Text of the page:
By Tom ManiNovember 10, 2009
Memorial remembrances at Arlington National Cemetery are a constant reminder of the debt owed to those who gave their all. Caretakers here are unceasing in tending for the grounds and maintaining the rituals that offer solace to friends and comrades in arms as well as to family members. So when the nation as a whole slows the onward rush of distractions to remember the fallen, Arlington is a place to turn to.
Thursday, members of ceremonial troop detachments of the various services, including Soldiers of the 3rd U.S. Inafantry (The Old Guard) placed American flags at the graves of those who fought under it in the cause of liberty and justice.
And Monday, Memorial Day, President Barack Obama placed a wreath at the Tomb of the Unknowns and paused along with a host of others as Sgt. Maj. Miles Overton played Ruffles and Flourishes, Sgt. Maj. Woodrow English played "Taps," and camera shutters of news agencies and private citizens alike provided a clicking background that promised "this is important."
Chairman of the Joint Chiefs of Staff Adm. Michael G. Mullen recalled the origin of Memorial Day as arising during Reconstruction in the aftermath of the horrors of the Civil War when North and South began the custom of setting aside a day to decorate the graves of martyred sons and fathers. The need to comprehend and recognize these sacrifices has not abated. "What we do understand as it is revealed to us more fully each passing spring," Mullen said, "is how precious and very rare these gifts truly are, in and above this world."
Obama echoed remarks he made as a candidate at a Memorial Day observance in Arizona last year, stating that although his grandfather served in Patton's Army, " I cannot know what it is like to walk into battle."
"I am the father of two young girls, but I cannot imagine what it's like to lose a child," he said.
"These are things I cannot know. But I do know this: I am humbled to be the Commander-in-Chief of the finest fighting force in the history of the world."
The audience gave sustained applause as he delivered a pledge:
"I know that there is nothing I will not do to keep our country safe, even as I face no harder decision than sending our men and women to war -- and no moment more difficult than writing a letter to the families of the fallen. And that's why as long as I am President, I will only send our troops into harm's way when it is absolutely necessary, and I will always provide them with the equipment and support they need to get the job done."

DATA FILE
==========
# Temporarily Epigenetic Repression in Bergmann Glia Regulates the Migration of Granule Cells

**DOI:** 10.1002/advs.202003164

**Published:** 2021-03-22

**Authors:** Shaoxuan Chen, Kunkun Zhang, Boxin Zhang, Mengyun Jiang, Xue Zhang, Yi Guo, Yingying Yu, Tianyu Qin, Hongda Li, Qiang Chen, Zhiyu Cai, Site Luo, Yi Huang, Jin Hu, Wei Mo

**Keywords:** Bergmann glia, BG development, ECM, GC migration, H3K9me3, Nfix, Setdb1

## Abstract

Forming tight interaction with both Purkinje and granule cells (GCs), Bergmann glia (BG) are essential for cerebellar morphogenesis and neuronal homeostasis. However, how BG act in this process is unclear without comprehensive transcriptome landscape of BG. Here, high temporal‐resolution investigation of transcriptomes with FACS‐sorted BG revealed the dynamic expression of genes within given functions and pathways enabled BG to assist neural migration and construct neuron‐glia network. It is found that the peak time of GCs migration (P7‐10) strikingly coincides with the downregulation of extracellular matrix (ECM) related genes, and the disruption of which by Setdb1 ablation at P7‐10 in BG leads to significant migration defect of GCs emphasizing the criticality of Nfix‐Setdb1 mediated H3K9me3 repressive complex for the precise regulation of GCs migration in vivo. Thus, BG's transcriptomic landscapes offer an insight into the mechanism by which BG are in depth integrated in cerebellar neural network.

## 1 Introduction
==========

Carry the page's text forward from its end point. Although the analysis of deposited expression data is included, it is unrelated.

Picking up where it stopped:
Obama conceded that military families "sacrifice more than we can understand and feel an absence greater than we can comprehend."
"That's why Michelle and I are committed to easing their burden."
"And I know what a grateful nation owes to those who serve under its proud flag. And that's why I promise all our servicemen and women that when the guns fall silent, and you do return home, it will be to an America that is forever here for you, just as you've been there for us.".
Obama thanked those like Superintendent John Metzler Jr., who cares for Arlington Cemetery "just as his father did before him," those of the the 3rd Infantry Regiment "who, regardless of weather or hour, guard the sanctity of this hallowed ground with the reverence it deserves." And he thanked the service men and women who placed an American flag before each headstone. "We are indebted to all who tend to this sacred place."
Obama called on the nation to participate in the National Moment of Remembrance at 3 p.m. And he offered a final reflection on the importance of Arlington itself:
"This bustling graveyard can be a restless place for the living, where solace sometimes comes only from meeting others who know similar grief," Obama said. "But it reminds us all the meaning of valor; it reminds us all of our own obligations to one another; it recounts that most precious aspect of our history, and tells us that we will only rise or fall together."